Replica of truth
Sacramento, CA 95817
SN&R veteran Josh Fernandez talks about not being boring, not leaving the house half-naked and his debut poetry collection, Spare Parts and Dismemberment.
This book includes some personal information that wasn’t included in the resume and cover letter that got you a job at SN&R a few years ago.
What do you mean? Like the part about oral copulation? Why would I say that in a cover letter? Is that what you look for in a cover letter? If that’s the case, maybe that’s why you’re not in any position of power. Or is that why you moved out of town?
How were the poems in this book selected and organized?
We—me, the publishers and editors—were very clear about wanting to start the book with a kind of brutality—drugs, hatred, confusion—because that’s how my adult life began. I wanted this book to be, in a sense, autobiographical. So I wanted the book to show this struggle of a lost person finding some sort of salvation—not God or anything like that—but with humanity. With each page, I think there is a little bit of humanity introduced. By the end of the book, there is supposed to be a little bit of light. Not a lot, but enough to provide a little bit of warmth.
Have they been tampered with or worked over by editors or teachers? If so, to what end?
With this book, there was a lot of back-and-forth. Some of the poems were a bit of a compromise. If I would have had my way, some of the poems would be quite different. One of the poems, “The Last Thing He Said,” is very different than the way I wanted it. I still don’t understand the editorial decision to change it, but it’s changed. It’s interesting to see it there, in a book, though. It’s like remembering your jock friend from elementary school—the one who used to stuff you in a locker for being a “fag”—and you see him 15 years later and he’s turned into a slutty woman. Or something like that.
How do you write a poem?
The poem writes you, man. Just kidding. I thought I would try to say something profound and poetic. I guess, really, you just have to be interested in writing. Like, really interested in writing. There are some things that a short story cannot say. There are some things an essay cannot say. That’s where a poem comes in handy. It’s like boxing. A good uppercut is really something to watch. But little jabs are important, too. … Or, I guess, you could just bite off the opponent’s ear. I forgot the question.
It’s this: How do you go from an image, or a memory, or an event, or an imaginative analysis into a full poem? What are the steps you take?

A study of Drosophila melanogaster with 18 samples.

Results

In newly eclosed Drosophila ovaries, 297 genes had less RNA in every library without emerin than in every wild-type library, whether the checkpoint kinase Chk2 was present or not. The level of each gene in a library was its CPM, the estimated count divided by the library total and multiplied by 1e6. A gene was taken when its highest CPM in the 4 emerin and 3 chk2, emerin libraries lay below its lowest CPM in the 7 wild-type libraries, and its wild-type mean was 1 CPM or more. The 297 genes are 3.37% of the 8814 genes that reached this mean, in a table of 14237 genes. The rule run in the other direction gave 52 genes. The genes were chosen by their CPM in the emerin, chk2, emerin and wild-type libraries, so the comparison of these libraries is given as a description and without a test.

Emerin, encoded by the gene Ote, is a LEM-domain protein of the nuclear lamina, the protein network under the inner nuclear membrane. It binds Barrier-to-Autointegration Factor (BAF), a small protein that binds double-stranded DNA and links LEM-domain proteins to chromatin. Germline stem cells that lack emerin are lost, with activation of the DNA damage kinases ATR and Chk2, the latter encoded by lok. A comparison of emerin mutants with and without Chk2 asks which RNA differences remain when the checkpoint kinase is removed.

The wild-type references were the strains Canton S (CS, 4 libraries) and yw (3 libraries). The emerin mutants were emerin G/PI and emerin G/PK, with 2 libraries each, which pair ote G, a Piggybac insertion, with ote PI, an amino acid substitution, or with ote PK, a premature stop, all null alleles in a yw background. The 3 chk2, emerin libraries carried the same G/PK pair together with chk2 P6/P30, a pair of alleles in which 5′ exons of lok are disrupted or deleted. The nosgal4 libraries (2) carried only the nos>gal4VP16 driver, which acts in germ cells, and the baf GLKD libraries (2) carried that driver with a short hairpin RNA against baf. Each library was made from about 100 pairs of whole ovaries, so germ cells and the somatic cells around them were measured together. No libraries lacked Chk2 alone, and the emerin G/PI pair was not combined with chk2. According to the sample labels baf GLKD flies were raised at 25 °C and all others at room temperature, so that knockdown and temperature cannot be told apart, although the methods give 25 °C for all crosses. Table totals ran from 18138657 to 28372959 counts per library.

It all comes to me at once, usually. In my head. And then I’ll race to the computer and try and get it all down. Once it’s there I usually realize that it’s not worth any extra work. But there’s the rare time I find a little nugget of truth in there. And then, like any writing, I’ll sit down with it and try to carve out some meaning. Or sometimes it will just start with an intriguing image that comes to mind. For instance, I had this one image in my mind for a long time of a person who was really drunk, banging on the floor until his fists turned into flowers. I loved that image, but it didn’t make it into the book.
In what ways, if any, are you affected by other people’s opinions?
All I am is other people’s opinions. I have never been a leader. I am not a person who will ever forge a path or do something groundbreaking. It’s comforting to know that. People’s opinions matter to me. The reason I am wearing shorts today is because it is acceptable to do so. Some days I could go without pants, but I won’t ever emerge from the house naked from the waist down. I’ll wear pants because I don’t want to be arrested.
What most satisfies you and most disappoints you?
I am a lazy person. I guess that both satisfies and disappoints me. My ideal version of me would be someone who writes and reads constantly. You know? Someone who looks good in bow ties. I watch Jersey Shore and wear basketball shorts, which is disappointing. But it makes me happy.
How do you avoid being a poseur?
I don’t at all. I’ll always be a poseur and I’ll never be satisfied with who I am. The day you’re satisfied with who you are is the day you turn into what the kids refer to as a “douche bag.”
What question are you afraid of being asked?
I’m afraid of someone asking me if all the things in my poems are true. But since I brought it up, the answer is this: I made everything up, but all the poems are true, if that makes any sense. I had a professor, Doug Rice, who referred to this kind of writing as “dream memoir,” where everything is true in a spiritual sense, even if the chronology and minutiae are made up. So the truth exists in a space that’s false in our physical world, but it’s a perfect replica of truth everywhere else. …
My wife calls me a great exaggerator, because I tell stories to get the point across, not to win a court case. What I’m trying to say is if I ever offer you legal representation, decline my services.